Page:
A Quiet Attempt to Bring Redlining Back


Washington. The neighborhood movement's prized Community Reinvestment Act of 1977, the nation's premier bill to stop banks from "redlining" poor neighborhoods, came perilously close to being gutted last month.

A Pennsylvania congressman, Democrat Paul Kanjorski, suddenly produced an amendment in the House Banking Financial Institutions Subcommittee to exempt 80 percent of the nation's banks from compliance with the Community Reinvestment Act.

Mr. Kanjorski presented the amendment as a paperwork relief bill for regulation-strangled small banks. To the shock of many, it got the subcommittee's approval.

The whole episode makes you wonder whether the Congress suffers from such intense Potomac fever it has lost all track of what's happening in America's hard-pressed urban neighborhoods. Any Banking Committee member ought to have known the reinvestment act has produced $7 billion in loan commitments to low-income areas, at a time when regular federal aid to cities is being decimated.

Take away the act, and the vast majority of bank loans in thousands of hard-pressed neighborhoods could evaporate, coast to coast. Banks would no longer feel anything more than a moral obligation, if that, to lend in the neighborhoods where they take deposits and do business.

Yet with a few bank lobbyists whispering in their ears, the subcommittee members blithely voted to exempt 10,000 of the country's 12,300 banks from Community Reinvestment Act requirements.

Only the biggest banks would still have been covered -- and they don't have a big share of their loans in poorer neighborhoods anyway. Small banks would have had carte blanche to go back to the practice of drawing an imaginary red line around poor neighborhoods and simply refusing to make loans there.

The lore of the banking industry has been that loans in poor neighborhoods are too risky. This is the industry which lost billions in Latin American loans and invested in so many real-estate boondoggles of the '80s that U. S. taxpayers are now stung with hundreds of billions to bail out its sinking institutions.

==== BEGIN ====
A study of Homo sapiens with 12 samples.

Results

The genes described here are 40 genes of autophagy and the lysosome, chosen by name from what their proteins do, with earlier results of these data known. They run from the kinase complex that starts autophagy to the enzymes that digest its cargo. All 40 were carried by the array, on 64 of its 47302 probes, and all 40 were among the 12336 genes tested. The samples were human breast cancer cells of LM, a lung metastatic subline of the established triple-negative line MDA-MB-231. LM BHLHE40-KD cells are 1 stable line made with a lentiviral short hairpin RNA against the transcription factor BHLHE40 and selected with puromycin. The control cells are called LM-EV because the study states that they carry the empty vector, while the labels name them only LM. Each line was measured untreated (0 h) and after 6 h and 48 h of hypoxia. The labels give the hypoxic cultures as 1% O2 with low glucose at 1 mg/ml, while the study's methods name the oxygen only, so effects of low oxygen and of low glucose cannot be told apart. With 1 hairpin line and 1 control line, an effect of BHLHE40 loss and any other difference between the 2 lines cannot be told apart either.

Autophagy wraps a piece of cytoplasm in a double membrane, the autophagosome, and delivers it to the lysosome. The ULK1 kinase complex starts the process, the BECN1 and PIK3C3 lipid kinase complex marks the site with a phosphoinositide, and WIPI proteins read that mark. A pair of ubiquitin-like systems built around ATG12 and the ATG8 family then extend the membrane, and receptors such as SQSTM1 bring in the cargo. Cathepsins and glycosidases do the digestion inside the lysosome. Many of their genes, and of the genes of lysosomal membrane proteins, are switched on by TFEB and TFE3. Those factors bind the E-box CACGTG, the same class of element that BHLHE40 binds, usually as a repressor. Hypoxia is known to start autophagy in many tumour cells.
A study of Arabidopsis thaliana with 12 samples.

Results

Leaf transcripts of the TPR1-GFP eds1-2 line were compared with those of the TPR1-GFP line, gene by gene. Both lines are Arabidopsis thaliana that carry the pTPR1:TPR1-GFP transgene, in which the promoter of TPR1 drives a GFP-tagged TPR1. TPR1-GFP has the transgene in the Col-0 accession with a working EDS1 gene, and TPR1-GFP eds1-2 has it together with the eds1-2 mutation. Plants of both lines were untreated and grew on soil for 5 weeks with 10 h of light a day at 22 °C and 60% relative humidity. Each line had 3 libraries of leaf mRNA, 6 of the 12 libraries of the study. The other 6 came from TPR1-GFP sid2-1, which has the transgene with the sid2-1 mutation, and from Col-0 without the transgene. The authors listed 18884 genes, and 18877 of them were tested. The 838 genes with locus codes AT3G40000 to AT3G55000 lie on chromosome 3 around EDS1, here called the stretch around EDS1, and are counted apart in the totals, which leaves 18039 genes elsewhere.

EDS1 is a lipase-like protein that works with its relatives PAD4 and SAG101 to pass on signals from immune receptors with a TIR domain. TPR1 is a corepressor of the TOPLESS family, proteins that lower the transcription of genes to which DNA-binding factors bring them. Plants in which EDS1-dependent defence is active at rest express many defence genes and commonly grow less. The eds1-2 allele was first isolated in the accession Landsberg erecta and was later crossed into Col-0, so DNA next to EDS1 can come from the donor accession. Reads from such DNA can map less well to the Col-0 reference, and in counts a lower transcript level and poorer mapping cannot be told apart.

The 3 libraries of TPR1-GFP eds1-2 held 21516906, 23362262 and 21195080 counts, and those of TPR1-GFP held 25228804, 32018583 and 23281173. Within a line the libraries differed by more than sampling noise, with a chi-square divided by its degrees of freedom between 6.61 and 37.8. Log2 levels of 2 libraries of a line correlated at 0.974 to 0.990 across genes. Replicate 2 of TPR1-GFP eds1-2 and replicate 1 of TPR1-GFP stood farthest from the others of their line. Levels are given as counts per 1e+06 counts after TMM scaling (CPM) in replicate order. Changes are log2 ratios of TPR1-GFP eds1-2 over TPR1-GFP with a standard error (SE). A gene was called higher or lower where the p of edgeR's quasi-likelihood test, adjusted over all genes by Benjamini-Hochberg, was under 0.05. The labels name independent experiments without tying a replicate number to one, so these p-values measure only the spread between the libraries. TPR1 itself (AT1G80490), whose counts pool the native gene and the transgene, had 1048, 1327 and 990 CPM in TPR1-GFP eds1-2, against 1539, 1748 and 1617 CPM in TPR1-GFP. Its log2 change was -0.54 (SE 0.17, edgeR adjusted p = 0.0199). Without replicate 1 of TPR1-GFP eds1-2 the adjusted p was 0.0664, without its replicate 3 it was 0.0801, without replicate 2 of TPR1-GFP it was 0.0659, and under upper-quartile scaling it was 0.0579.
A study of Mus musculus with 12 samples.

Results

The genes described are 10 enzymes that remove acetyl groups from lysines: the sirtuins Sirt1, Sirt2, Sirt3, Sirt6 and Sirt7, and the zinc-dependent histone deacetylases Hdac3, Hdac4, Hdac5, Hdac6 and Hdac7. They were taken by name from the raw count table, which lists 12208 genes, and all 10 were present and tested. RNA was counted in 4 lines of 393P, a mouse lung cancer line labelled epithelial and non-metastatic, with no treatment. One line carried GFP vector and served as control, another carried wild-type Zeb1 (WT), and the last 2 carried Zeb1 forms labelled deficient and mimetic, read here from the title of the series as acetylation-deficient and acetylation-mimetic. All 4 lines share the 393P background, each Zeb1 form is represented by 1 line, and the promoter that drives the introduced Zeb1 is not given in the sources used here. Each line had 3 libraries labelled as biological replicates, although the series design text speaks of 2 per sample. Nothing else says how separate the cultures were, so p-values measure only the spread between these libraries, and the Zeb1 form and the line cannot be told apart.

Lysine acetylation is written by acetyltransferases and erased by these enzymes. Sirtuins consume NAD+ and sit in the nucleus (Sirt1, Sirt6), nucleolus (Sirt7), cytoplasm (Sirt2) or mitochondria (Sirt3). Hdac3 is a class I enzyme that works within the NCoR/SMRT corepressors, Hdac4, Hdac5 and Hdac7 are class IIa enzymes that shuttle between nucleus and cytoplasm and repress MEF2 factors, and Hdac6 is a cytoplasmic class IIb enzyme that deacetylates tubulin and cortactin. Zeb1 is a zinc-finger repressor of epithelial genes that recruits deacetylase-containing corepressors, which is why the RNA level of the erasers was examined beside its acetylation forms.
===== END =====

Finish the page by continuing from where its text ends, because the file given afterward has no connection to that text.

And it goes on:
The Kanjorski amendment surfaced in the same month Federal Deposit Insurance Corporation head William Seidman had to go to Capitol Hill to ask for another $80 billion to bail out failing banks.

The neighborhood movement was not about to take the attempted reinvestment act repeal lightly. For these community-based groups, choking off most of act was akin to what a move to cut 80 percent of Social Security benefits would have been to the senior citizens' lobby.

Out of Chicago stormed Gale Cincotta, head of National People's Action, disciple of the legendary radical activist Saul Alinsky. Ms. Cincotta is the acknowledged "mother" of the 1977 law. Dozens of groups joined the fray, among them the Washington-based Center for Community Change, the National Neighborhood Coalition, the National Council of La Raza and the Consumer Federation of America.

They complained of "killer amendments," "a war on the poor, local communities, minorities and consumers." And when the amendment came up before the full House Banking Committee, ACORN, the Association of Community Organizations for Reform Now, brought in busloads of protesting constituents.

It worked. The Banking Committee beat back the amendment on a 40-12 vote after its chair, Henry Gonzalez (D-Texas), made an impassioned plea for the Community Reinvestment Act as a product of 20 years' struggle.

The final battle's not yet won. The Kanjorski amendment could be offered on the House floor to omnibus legislation to remake the nation's banking system. The Senate Banking Committee has yet to vote on the package, and could reverse the House committee decisions.

But the odds are that the Community Reinvestment Act, with its grassroots support behind it, is now safe. The irony is that the flank attack came just two years after the Congress voted to toughen the act substantially, just as more and more banks seem to be accepting it and just as a critical numbers of community groups nationwide are learning how to use it.

Take as an example the Pittsburgh Community Reinvestment Group, a coalition of 25 community-development corporations and neighborhood groups formed in the late '80s to reverse the )) lending policies of the city's financial mega-institutions.

Armed with evidence of redlining by Pittsburgh's Union National, which was attempting a merger, the Pittsburgh community coalition was able to squeeze out a $109-million, five-year neighborhood reinvestment program, one of the country's largest.

In neighborhood after neighborhood, the money has made a difference. Homewood-Brushton, an inner-city neighborhood hard-hit by abandonment and graffiti, is an example. A community-development corporation pioneered a cleanup, neighborhood festivals and a monthly newspaper. And when it was ready to put up three housing projects, totaling 33 units for low-income families, it tapped the reinvestment act money.

Will such advances remake a city? Can they compensate for the federal disinvestment of more than a decade? No.

But whatever hope exists in many neighborhoods comes from community-development groups such as Homewood-Brushton. They are struggling to reweave the strands of a social fabric that public indifference has left in shreds. The ultimate cruelty would be to cut off the Community Reinvestment Act, this last streamlet of assistance. One is left aghast that the Congress even entertained the idea.

Neal Peirce is a syndicated columnist.